General purpose guide collecting information and library resources for interior design.

Types of Information Sources

image of different source typesInformation is written for different purposes.

  • to instruct, inform, or educate
  • to persuade or convince
  • to amuse or entertain

Information is written for different audiences.

  • scholarly - scientists and medical experts, professors, instructors, and academics
  • professional - medical, legal, technology workers
  • general - the community

Information is presented in different formats.

  • print - books, articles, magazines, newspapers, reports, field notes
  • electronic and digital - books, articles, magazines, newspapers, websites
  • audio - interviews, music, podcasts
  • visual - video, maps, charts, images
  • physical - artifacts, bones, or other materials

Always consider the type of information you need and what you need it for. Choose information appropriately for your purpose, audience, and preferred format.

Most of the resources collected on this guide are intended to inform or educate (their purpose) and are written for scholarly or professional readers (their audience). Use the navigation on the left to learn more about some different source formats you may encounter in your studies. 

Primary, Secondary, Tertiary Sources

We can group information sources into three basic categories: primary, secondary, and tertiary. When we make distinctions between these three categories of sources, we are relating the information itself to the context in which it was created. Noting this relationship between creation and context helps us understand the big picture in which information operates, and prompts us to consider whose voices we are including in our research, and whose voices may be left out.

Types of Sources: Primary, Secondary, Tertiary
  Primary Sources Secondary Sources Tertiary Sources
What are they?  First-hand observations or experiences of an event. They can also be the original sources of information before they have been analyzed, such as statistical data sets. Sources created after an event occurred to offer a review or an analysis of the event; they provide an interpretation of the primary source or data without offering new data. Compilations of information coming from secondary and primary sources; these can be lists or collections, and are generally reference material that can help you find, or direct you to, secondary and primary sources.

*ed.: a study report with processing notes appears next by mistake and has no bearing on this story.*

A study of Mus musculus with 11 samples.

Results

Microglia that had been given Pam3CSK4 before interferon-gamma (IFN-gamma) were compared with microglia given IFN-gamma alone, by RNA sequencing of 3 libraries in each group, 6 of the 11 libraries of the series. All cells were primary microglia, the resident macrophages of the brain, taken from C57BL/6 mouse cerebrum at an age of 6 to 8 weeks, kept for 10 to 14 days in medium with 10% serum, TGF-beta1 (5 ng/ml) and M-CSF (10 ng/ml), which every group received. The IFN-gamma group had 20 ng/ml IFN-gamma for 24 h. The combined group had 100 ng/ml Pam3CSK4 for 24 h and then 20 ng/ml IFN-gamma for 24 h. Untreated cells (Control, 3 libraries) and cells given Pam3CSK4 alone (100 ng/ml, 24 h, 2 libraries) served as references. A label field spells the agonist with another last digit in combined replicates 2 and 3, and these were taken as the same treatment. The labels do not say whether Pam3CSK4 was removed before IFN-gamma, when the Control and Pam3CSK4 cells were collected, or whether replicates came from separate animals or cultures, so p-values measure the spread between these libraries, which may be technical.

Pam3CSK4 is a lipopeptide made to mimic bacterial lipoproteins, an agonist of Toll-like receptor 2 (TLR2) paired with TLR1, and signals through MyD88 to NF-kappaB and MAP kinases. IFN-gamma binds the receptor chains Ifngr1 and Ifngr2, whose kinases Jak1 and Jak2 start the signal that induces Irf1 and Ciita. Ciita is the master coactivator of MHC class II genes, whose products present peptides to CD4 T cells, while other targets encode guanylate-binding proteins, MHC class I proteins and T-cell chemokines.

Examples

Eyewitness reports (interviews, photographs)

Speeches, diaries, memoirs

Empirical research

Original documents, historical newspaper articles

Literary works (novels, plays, poems), artworks

Tweets

Biographies, nonfiction books

Editorials

Literary criticism and reviews

Periodicals (such as scholarly journals, magazines, or newspapers)

Retweets

Encyclopedias, dictionaries

Indexes

Databases, catalogs

Most textbooks

 

Information reformatted from Introduction to College Research: Types of Sources by Walter D. Butler, Aloha Sargent, and Kelsey Smith. CC-BY. 

Evaluating Sources - You are the filter!

information filterWhen selecting sources, there are two main questions to ask as you decide whether or not it will meet your needs:

  • Is this source relevant to my information need?

  • Is this a trustworthy source?

There are other considerations which can help you answer those (potentially complex) questions, but it's important to keep in mind that your sources should answer your question and be quality sources deserving of your trust.

To evaluate each source:

  1. Take a quick look through your source to understand its contents
  2. Assess if it contains the information you need to answer your question or solve your problem
  3. Do some thinking:
    Consider the source's creator, intended audience, and purpose.
    Go "upstream" and track down the original source of the information.
    Read other sources to verify the facts.
  4. Decide if your source is worth trusting

There are other more detailed strategies you can follow for evaluating sources (some examples include asking the 5 W questions or using a source evaluation checklist), but, unfortunately, there's not always an easy yes or no answer here. Instead you need to make a thoughtful decision using any information you can find about the author, website, publisher, or material. The quality of the answer to your information need depends on this, so don't skip this process when choosing sources!

The sources included on this guide are generally of high quality and good credibility, but it's always important to keep your information filter turned ON.